President Obama today said he was with “considerable regret” relieving Gen. Stanly McChrystal of his command of the Afghan war, but he said the policy will stay on track with his selection of Centcom Commander Gen. David Petraeus to replace him.
Obama, who spoke early this afternoon in the Rose Garden, said it was not policy differences or a feeling of personal insult, but a concern with the sanctity of the chain of command that led him to remove McChrystal.
“I did so with considerable regret, but also with certainty that it is the right thing for our mission in Afghanistan, for our military, and for our country.” Obama said. “War is bigger that any one man or woman. . . . the conduct represented in the recently published article does not meet the standard that should be set by a commanding general.”
Obama added, “I welcome debate among my team, but I won’t tolerate division.”
While he’s certainly saluted and signed off on it, Petraeus is clearly uncomfortable with Obama’s policy of beginning a departure from Afghanistan in July 2011.
And Obama made clear today that the U.S. objective in Afghanistan is not victory, but instead just trying to create conditions for Afghans to win it themselves.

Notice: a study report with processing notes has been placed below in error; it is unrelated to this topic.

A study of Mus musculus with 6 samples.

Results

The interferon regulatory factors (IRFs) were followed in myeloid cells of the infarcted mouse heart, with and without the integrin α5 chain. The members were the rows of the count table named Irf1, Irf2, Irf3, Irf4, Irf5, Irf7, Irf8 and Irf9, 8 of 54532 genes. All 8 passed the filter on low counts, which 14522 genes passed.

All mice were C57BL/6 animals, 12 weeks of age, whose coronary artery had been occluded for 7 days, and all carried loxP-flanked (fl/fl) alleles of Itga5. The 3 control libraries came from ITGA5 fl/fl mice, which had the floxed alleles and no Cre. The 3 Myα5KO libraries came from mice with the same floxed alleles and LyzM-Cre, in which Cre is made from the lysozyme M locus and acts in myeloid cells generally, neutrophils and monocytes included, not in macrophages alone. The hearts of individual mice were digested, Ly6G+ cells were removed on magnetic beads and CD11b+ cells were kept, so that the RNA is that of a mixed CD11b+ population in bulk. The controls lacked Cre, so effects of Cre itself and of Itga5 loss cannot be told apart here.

So make no mistake, we have a clear goal. We are going to break the Taliban’s momentum. We are going to build Afghan capacity. We are going to relentlessly apply pressure on Al Qaida and its leadership, strengthening the ability of both Afghanistan and Pakistan to do the same.
That’s the strategy that we agreed to last fall. That is the policy that we are carrying out in Afghanistan and Pakistan.
It’s not a policy for victory, and it’s not being conducted with the overwhelming force that the military sought. We’ll see how easily Petraeus stays on board.
That said, Obama probably did advance himself as a war leader with today’s announcement. He showed the maturity some think he lacks in his approach to conducting the war, replacing someone who had showed either immaturity or lack of judgment or both.
But the move fails to erase a significant problem bedeviling the president: a perception in the military that he is inattentive to the war and possibly incompetent to lead it – a view the led inevitably to the type of derision expressed by McChrystal and his staff.